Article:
Capacity to Marry: The Case of Tanti v Tanti et al

  • July 03, 2021
  • Jennifer Corak, Miller Thomson LLP

In the case of Tanti v Tanti et al., the Ontario Superior Court of Justice was tasked with determining whether Paul Tanti was capable of marrying his “much-younger, live-in companion,” Sharon Joseph.[1]

In 2014, Paul went to a community organization looking for help with small jobs at his home. Sharon subsequently attended at Paul’s home to assist with some exterior painting.  They became friends and, around 2017, they began to refer to one another as “companions” with family, friends, and professionals. Paul and Sharon spent time together and with friends and family. In early 2018, Sharon moved into Paul’s house after he expressed a desire for a more intimate relationship with her.

Paul had a son, Raymond, who visited once a week to drop off groceries, exchange Paul’s laundry and check in on him.  Raymond did not like Sharon and pressured Paul to end the relationship with her. In February 2018, Raymond took Paul to see a gerontologist, who found that Paul had cognitive impairment of a moderate degree but that he could live independently with assistance.  Raymond did not speak with Sharon about Paul’s dementia or capacity.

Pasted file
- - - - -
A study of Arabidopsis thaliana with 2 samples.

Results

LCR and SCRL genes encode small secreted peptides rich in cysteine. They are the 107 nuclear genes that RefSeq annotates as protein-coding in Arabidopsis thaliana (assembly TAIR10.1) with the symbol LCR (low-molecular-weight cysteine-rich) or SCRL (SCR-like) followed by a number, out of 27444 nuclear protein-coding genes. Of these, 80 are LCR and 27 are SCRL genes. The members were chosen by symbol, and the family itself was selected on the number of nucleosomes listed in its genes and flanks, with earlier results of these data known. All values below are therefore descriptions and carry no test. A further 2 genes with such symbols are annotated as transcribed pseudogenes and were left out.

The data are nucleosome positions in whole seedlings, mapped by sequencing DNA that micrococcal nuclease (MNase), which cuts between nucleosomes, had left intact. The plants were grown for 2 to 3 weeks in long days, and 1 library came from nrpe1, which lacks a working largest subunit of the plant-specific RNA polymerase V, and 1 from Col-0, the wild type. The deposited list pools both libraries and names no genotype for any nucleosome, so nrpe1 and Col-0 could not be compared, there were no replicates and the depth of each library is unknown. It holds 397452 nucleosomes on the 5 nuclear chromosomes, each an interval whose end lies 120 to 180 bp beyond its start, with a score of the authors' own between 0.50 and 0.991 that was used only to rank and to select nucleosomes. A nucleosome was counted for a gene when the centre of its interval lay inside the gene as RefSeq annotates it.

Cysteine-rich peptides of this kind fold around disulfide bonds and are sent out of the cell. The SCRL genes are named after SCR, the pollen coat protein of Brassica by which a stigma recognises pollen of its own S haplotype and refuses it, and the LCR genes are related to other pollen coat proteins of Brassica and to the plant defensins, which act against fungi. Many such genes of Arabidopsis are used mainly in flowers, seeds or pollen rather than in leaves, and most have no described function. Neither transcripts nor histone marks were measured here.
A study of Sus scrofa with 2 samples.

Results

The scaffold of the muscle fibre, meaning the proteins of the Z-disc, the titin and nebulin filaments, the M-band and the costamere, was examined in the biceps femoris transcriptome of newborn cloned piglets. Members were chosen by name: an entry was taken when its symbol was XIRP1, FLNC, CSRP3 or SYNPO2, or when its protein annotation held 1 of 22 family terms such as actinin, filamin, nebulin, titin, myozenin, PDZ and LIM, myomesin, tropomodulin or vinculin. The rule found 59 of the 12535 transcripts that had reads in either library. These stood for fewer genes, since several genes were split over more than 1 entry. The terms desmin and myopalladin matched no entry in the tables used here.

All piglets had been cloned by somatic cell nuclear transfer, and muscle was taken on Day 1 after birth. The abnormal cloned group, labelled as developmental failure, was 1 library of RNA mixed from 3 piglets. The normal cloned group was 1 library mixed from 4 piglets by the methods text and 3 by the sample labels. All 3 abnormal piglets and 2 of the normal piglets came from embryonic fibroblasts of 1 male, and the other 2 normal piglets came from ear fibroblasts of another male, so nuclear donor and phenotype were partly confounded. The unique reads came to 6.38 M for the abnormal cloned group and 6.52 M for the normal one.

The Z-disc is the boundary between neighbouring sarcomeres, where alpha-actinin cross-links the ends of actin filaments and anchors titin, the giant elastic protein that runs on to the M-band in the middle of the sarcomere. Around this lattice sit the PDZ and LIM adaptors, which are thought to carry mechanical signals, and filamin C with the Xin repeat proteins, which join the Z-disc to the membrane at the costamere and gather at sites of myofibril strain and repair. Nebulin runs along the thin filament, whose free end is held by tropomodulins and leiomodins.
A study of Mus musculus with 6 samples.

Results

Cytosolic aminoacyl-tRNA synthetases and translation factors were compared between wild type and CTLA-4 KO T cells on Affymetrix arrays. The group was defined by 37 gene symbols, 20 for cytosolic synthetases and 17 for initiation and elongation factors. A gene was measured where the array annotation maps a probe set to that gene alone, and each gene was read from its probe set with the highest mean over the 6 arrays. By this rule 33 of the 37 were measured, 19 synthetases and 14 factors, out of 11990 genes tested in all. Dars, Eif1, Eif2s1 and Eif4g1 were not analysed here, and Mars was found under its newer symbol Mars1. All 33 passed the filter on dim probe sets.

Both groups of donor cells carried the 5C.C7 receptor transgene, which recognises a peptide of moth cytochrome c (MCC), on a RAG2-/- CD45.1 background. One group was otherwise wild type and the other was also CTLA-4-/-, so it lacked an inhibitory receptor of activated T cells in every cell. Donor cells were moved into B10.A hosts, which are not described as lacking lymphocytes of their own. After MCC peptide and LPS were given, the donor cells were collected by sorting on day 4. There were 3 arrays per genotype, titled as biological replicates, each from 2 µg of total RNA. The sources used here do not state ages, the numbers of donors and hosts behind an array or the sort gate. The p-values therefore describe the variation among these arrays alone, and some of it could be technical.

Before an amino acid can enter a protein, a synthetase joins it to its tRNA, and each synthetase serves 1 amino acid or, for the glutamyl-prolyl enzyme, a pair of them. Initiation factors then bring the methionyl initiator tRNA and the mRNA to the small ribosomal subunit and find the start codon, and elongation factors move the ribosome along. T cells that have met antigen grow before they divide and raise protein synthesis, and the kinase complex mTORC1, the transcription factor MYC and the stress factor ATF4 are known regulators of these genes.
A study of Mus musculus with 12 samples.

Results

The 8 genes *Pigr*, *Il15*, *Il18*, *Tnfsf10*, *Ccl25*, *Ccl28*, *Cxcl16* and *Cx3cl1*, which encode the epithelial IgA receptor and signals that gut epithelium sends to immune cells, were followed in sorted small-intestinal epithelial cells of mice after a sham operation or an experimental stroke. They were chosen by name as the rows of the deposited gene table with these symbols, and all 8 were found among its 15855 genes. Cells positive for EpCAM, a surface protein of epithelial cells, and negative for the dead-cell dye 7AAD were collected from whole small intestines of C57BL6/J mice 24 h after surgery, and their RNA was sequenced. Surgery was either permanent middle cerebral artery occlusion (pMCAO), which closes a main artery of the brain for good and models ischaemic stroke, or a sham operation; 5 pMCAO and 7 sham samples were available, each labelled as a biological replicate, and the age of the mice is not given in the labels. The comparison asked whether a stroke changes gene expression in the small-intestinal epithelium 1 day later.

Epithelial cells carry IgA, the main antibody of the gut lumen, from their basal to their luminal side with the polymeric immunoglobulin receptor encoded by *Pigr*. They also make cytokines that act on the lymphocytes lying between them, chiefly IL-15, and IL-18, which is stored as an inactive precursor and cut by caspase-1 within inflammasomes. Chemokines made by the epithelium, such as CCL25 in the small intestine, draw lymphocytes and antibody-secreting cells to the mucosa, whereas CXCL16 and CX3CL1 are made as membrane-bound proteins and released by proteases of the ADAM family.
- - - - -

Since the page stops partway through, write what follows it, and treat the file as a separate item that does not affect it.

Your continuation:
Next, we fast forward to Paul’s 89th birthday in January 2019, when Paul asked Sharon to marry him. Sharon was hesitant as she was worried that Raymond would be angry.  Paul, however, did not give up. In June 2019, he asked Sharon to marry him again, expressing his concern about losing her and his hope that Raymond would stop bothering them if they were married.  Paul bought Sharon an engagement ring later in June, and the couple took steps to plan their wedding.